Metra wants you back. The Chicago area rail commuter system, with three stations in Evanston at Main, Davis and Central streets, launched an ad campaign today aimed at convincing former passengers and potential future riders that its trains are safe during the COVID-19 pandemic.
At a morning news conference at a Chicago rail yard, Metra CEO Jim Derwinski said, “We can’t make COVID-19 go away, but we can help riders feel confident” that the trains are clean.
Currently Metra is carrying 25,000 people per day, only about 10% of the system’s pre-pandemic passenger load on its 242-station system.
Evanston is a perfect example. If you add up all three stations in town, Evanston is the busiest city on Metra’s Union Pacific North line. Now, however, traffic is close to nonexistent. Take train number 320, for instance, leaving Davis Street at 8:14 a.m., in perfect time to get downtown for a day’s work at the office.
Before the pandemic, that train averaged 112 boarding passengers on weekdays. This morning, eight people got on.
The “My Metra” campaign, with TV and radio spots, billboards and social media postings, talks of “commuting with confidence.” The ads highlight the daily cleaning, disinfecting and sanitizing of Metra’s train cars, along with the rule that everyone wears a mask. Social distancing is required — with one passenger per seat. Air is recirculated every four minutes. Each car has hand sanitizer too.
But even if passengers do feel safe on the train, until there is a coronavirus vaccine, many workers will continue working remotely from home, which might continue once the pandemic has passed. Derwinski said the rail system is aware of that. “We understand everyone is not going to go to the Central Business District,” he said. “But they may go two or three days a week,” so Metra has to be ready.
Metra is facing an additional challenge on the UP North line through Evanston, and its two other Union Pacific commuter routes as well. UP is telling its conductors not to punch tickets or sell cash fares on board. The railroad says concern over COVID-19 is the reason to limit personal contact between train crews and passengers. Metra says the loss of such ticket revenue on the UP lines is costing the agency $1 million per month.
But on Metra’s other lines, tickets are being sold and collected on board as usual. Those conductors and trainmen are either employed by the Burlington Northern Santa Fe on its Metra route, or by Metra itself on seven other lines.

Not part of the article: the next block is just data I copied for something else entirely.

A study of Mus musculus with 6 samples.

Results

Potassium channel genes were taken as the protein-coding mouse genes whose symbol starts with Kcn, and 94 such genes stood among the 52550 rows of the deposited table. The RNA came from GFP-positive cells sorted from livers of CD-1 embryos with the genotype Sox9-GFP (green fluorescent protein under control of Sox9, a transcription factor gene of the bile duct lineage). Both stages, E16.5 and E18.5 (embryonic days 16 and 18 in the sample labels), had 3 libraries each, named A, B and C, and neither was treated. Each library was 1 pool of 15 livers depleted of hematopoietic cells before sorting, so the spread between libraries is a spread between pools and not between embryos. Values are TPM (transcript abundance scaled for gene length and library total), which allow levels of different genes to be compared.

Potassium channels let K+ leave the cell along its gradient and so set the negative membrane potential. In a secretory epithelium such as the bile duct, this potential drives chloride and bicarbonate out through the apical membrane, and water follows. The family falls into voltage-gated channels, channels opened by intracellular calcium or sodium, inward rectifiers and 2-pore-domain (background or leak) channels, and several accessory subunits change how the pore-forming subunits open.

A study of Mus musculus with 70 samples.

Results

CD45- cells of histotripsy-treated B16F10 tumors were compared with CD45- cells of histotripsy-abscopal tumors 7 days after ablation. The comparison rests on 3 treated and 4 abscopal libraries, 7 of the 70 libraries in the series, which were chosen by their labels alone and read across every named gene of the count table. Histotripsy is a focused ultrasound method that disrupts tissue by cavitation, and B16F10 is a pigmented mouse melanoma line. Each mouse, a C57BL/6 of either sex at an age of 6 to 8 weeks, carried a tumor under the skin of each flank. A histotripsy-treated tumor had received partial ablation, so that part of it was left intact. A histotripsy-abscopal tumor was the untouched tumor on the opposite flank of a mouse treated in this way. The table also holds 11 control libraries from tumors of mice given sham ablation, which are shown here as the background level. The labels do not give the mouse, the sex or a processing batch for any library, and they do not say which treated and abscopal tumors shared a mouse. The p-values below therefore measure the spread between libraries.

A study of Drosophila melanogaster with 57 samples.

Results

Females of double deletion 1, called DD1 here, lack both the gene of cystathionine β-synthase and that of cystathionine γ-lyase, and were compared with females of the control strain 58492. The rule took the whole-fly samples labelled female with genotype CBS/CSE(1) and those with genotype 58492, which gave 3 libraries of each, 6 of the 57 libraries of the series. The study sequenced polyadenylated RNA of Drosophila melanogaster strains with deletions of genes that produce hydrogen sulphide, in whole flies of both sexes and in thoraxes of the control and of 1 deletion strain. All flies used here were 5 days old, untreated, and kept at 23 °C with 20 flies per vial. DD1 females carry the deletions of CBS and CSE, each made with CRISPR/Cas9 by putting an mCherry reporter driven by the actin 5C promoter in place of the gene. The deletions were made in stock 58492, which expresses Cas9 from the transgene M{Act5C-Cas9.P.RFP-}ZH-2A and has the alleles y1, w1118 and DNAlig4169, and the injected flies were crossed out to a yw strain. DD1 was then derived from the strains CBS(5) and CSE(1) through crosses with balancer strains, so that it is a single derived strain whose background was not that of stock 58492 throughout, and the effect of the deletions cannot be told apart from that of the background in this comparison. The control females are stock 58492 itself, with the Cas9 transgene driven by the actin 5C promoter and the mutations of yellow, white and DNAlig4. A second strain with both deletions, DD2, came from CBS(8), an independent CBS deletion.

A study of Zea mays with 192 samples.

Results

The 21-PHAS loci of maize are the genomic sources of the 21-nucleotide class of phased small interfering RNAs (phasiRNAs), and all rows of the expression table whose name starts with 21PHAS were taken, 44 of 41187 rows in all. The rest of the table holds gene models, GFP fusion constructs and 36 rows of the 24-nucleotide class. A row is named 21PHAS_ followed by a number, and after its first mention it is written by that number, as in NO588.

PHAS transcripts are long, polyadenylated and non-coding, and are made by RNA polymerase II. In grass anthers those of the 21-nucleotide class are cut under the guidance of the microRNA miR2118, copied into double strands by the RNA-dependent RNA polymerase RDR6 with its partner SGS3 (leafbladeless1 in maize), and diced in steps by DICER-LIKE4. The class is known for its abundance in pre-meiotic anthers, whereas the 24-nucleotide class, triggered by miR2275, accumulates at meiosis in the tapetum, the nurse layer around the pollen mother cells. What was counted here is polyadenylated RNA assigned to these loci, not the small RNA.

UP and Metra are currently in a court fight over who will employ train crews on the UP lines. Currently Metra finances the service but UP operates it. UP says the conductors and engineers should work for Metra. Metra is not necessarily opposed to that, but is balking at the railroad’s proposed terms.
UP denies its no-selliing-tickets policy is an effort to pressure Metra in the legal battle. Spokesperson Kristen South says the “the safety of Chicago commuters and Union Pacific employees is paramount” in making decisions. Metra spokesperson Mike Gillis says the agency is “not going to speculate” about UP’s motives, and takes the company’s word that they are acting “out of concern for COVID.”
But whatever the motive, each ticket not sold is another financial hit for an agency which desperately needs cash. Metra is projecting a $682 million dollar deficit through the end of next year. Federal CARES act funding will cover about two-thirds of that, but come mid-2021, Derwinski says, “Clearly we will need more money” from the federal government.
Metra is not predicting what will happen if the money runs out, but in New York, for example, the nation’s largest transit system is projecting a 40% cut in subway and bus service without federal aid
Transit is a vital part of any metropolitan area. Whenever downtown business recovers, putting thousands of workers on the highway instead of on the train would cause gridlock of epic proportions.
Trains are safer and cause far less air pollution than cars. “We were green before green was invented,” Derwinski said. But right now, Metra’s biggest problem is the lack of another kind of green — money.